FOMC Meeting and Projections Summary for December 2023

The letters FOMC on top of a digital graph.

The FOMC met on December 12th and 13th to determine the future of monetary policy and update their economic forecasts. Their decision to keep rates steady aligned with analyst expectations, and this allowed the projections for 2024 to take center stage.

FOMC Held Interest Rates Steady in December

FOMC members voted to hold the Fed Funds Rate steady at a target range of 5.25 – 5.50%. This decision did not come as a surprise, as more than 97% of analysts predicted it prior to the meeting.

For the first time in the current tightening cycle, Fed Chair Jerome Powell said that the current Fed Funds Rate is “likely at or near its peak.” However, he went on to say that the FOMC is “prepared to tighten policy further” if higher interest rates are needed to combat inflation.

Strong Economic Data Influenced the Interest Rate Decision

The possibility of peaking interest rates came after several reports showed continued progress toward the Fed’s goals. One of the key economic data points Chair Powell noted was Gross Domestic Product [GDP], which he said is on track to grow by about 2.5% for the year. This level of growth is a significant feat during a tightening cycle.

Chairman Powell also mentioned continued resilience in the labor market. The most recent data shows the unemployment rate at just 3.7%, despite notable growth in the labor force participation rate.

According to Chair Powell, the most recent inflation data was both positive and negative. The Fed estimates that PCE inflation rose by 2.6% for the year ending in November, showing additional progress toward the Fed’s 2% goal. However, there is still progress that needs to be made to return inflation to the target level.

While there were several positive economic outcomes since the last FOMC meeting, Chair Powell also said the U.S. has seen some less desirable side effects of tighter monetary policy. These included stagnation in the housing market and slower business fixed investment.

Projections for The Future of Monetary Policy and the Economy

In addition to the interest rate decision, the most recent economic data influenced FOMC projections for the future of interest rates and the economy. The committee releases these forecasts four times per year with the last being released in September. This month’s updated projections provide valuable insights about this year and the year to come.

Final Estimates in 2023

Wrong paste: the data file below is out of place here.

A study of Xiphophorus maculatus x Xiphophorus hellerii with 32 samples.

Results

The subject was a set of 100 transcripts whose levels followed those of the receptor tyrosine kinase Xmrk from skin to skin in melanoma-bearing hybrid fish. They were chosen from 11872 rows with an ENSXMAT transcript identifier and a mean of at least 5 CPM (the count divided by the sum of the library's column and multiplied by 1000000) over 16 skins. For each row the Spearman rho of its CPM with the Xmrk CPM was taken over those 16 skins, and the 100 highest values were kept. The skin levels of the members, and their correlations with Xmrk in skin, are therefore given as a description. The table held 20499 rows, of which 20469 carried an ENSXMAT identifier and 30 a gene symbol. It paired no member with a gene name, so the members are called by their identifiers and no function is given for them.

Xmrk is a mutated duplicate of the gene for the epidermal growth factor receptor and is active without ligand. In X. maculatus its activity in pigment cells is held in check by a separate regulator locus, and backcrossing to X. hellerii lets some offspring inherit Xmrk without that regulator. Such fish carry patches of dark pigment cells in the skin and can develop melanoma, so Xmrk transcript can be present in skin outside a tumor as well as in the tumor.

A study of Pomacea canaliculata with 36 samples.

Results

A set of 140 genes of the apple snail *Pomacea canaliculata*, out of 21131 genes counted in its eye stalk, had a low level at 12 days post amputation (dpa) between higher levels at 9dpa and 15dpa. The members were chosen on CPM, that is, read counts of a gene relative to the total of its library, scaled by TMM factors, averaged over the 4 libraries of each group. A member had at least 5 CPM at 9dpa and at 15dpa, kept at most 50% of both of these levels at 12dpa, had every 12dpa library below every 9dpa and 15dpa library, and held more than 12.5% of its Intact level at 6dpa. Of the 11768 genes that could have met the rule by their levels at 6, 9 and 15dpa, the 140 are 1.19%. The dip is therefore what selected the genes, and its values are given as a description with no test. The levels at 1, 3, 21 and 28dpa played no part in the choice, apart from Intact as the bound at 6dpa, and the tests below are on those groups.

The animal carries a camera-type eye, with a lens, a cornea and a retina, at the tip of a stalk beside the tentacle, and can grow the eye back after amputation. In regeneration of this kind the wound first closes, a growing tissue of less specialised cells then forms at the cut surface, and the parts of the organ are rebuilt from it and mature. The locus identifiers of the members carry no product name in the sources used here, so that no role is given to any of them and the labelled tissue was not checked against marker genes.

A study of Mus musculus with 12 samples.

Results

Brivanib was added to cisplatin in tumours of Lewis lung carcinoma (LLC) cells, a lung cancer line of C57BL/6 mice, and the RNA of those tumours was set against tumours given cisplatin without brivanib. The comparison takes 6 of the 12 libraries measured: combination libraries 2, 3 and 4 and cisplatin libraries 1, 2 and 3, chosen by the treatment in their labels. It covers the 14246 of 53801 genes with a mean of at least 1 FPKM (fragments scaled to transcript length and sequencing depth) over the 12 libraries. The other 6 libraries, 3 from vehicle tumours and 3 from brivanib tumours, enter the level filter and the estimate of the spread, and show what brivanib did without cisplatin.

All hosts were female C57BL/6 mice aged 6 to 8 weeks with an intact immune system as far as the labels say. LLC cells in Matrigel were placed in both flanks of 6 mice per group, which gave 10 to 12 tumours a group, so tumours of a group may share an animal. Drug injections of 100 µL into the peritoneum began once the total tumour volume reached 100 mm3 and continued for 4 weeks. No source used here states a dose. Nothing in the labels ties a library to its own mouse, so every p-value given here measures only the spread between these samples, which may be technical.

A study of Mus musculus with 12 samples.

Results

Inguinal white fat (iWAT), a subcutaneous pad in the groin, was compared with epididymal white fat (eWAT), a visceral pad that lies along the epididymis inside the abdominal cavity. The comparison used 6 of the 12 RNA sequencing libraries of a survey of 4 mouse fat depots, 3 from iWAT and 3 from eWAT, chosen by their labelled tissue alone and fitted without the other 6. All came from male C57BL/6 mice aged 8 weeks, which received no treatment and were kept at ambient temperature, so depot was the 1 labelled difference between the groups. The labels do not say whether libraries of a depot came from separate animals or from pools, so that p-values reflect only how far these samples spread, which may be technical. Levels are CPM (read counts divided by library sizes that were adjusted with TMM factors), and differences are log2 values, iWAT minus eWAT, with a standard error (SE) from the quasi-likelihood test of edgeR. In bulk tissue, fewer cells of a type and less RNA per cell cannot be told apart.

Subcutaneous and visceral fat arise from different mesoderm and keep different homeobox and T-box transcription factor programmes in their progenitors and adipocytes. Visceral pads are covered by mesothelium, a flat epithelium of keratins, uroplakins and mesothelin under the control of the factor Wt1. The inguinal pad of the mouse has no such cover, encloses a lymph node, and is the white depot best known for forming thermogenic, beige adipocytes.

The FOMC now predicts stronger economic growth and lower inflation in 2023 compared to their previous projections. Additionally, members adjusted their forecasts for the end-of-year Fed Funds Rate to reflect the most recent decision to maintain the current target range of 5.25 – 5.50%.

See the chart below for an overview of the changes to their projections.

A table showing the change in FOMC projections between the September and December meetings. Estimated Real GDP growth was revised up by 0.5 percentage points to 2.6% for the timeframe Q4 2022 – Q4 2023. Expectations for the Q4 2023 unemployment rate were unchanged at 3.8%. Projected PCE inflation from Q4 2022 – Q4 2023 was lowered by 0.5 percentage points to 2.8%. The end-of-year 2023 Fed Funds Rate projection was reduced by 0.2 percentage points to 5.4%.

Economic Projections for 2024 and Beyond

FOMC members made small adjustments to their projections for GDP, unemployment, and inflation over the next several years, but the projected path of the economy remained virtually the same.

Major economic signals are projected to return to the long-run averages by 2026 – though several factors are expected to reach equilibrium even earlier. The unemployment rate is projected to be the first economic indicator to return to the Fed’s target. It is forecasted to rise to 4.1% next year and remain at that level for the foreseeable future.

Economic growth is also expected to normalize in the coming years. GDP is forecasted to decline significantly next year – to just 1.4% – before rising to the long-run estimate of 1.8% in 2025.

The inflation rate is projected to take slightly longer than other indicators to normalize. Further, the PCE inflation rate is expected to gradually decline over the next three years and reach the Fed’s target of 2.0% in 2026.

A table showing the FOMC’s economic projections for 2023 – 2026 and long-run. Real GDP growth is forecasted to be 2.6% in 2023, 1.4% in 2024, 1.8% in 2025, 1.9% in 2026, and 1.8% in the long run. The unemployment rate is expected to be 3.8% in 2023, 4.1% in 2024 – 2026, and 4.1% in the long run. The PCE inflation rate is projected to be 2.8% in 2023, 2.4% in 2024, 2.1% in 2025, and 2.0% in 2026 and in the long run. The Fed Funds Rate is forecasted to be 5.4% in 2023, 4.6% in 2024, 3.6% in 2025, 2.9% in 2026, and 2.5% in the long run.

Lower Interest Rates Projected for 2024

While FOMC projections for the economy in 2024 saw only mild changes, their forecasts for the Fed Funds Rate changed dramatically. The September estimate showed an end-of-year Fed Funds Rate of 5.1% in 2024 – signaling one interest rate reduction from the current level. This week, members reduced their estimate to 4.6% – suggesting three interest rate reductions next year.

As soon as the Fed released the latest forecasts, analysts began updating their own projections. By the close of business, 11.4% of analysts were betting on a rate reduction at the next FOMC meeting in January. Nearly three-quarters of these analysts predict falling interest rates by the following meeting in March.

Economists have often scoffed at the idea of a “soft landing” but the latest projections from the FOMC are challenging this view. If the next few years unfold as the Fed predicts, the U.S. economy could escape the worst inflationary period since the 1980s without a significant recession.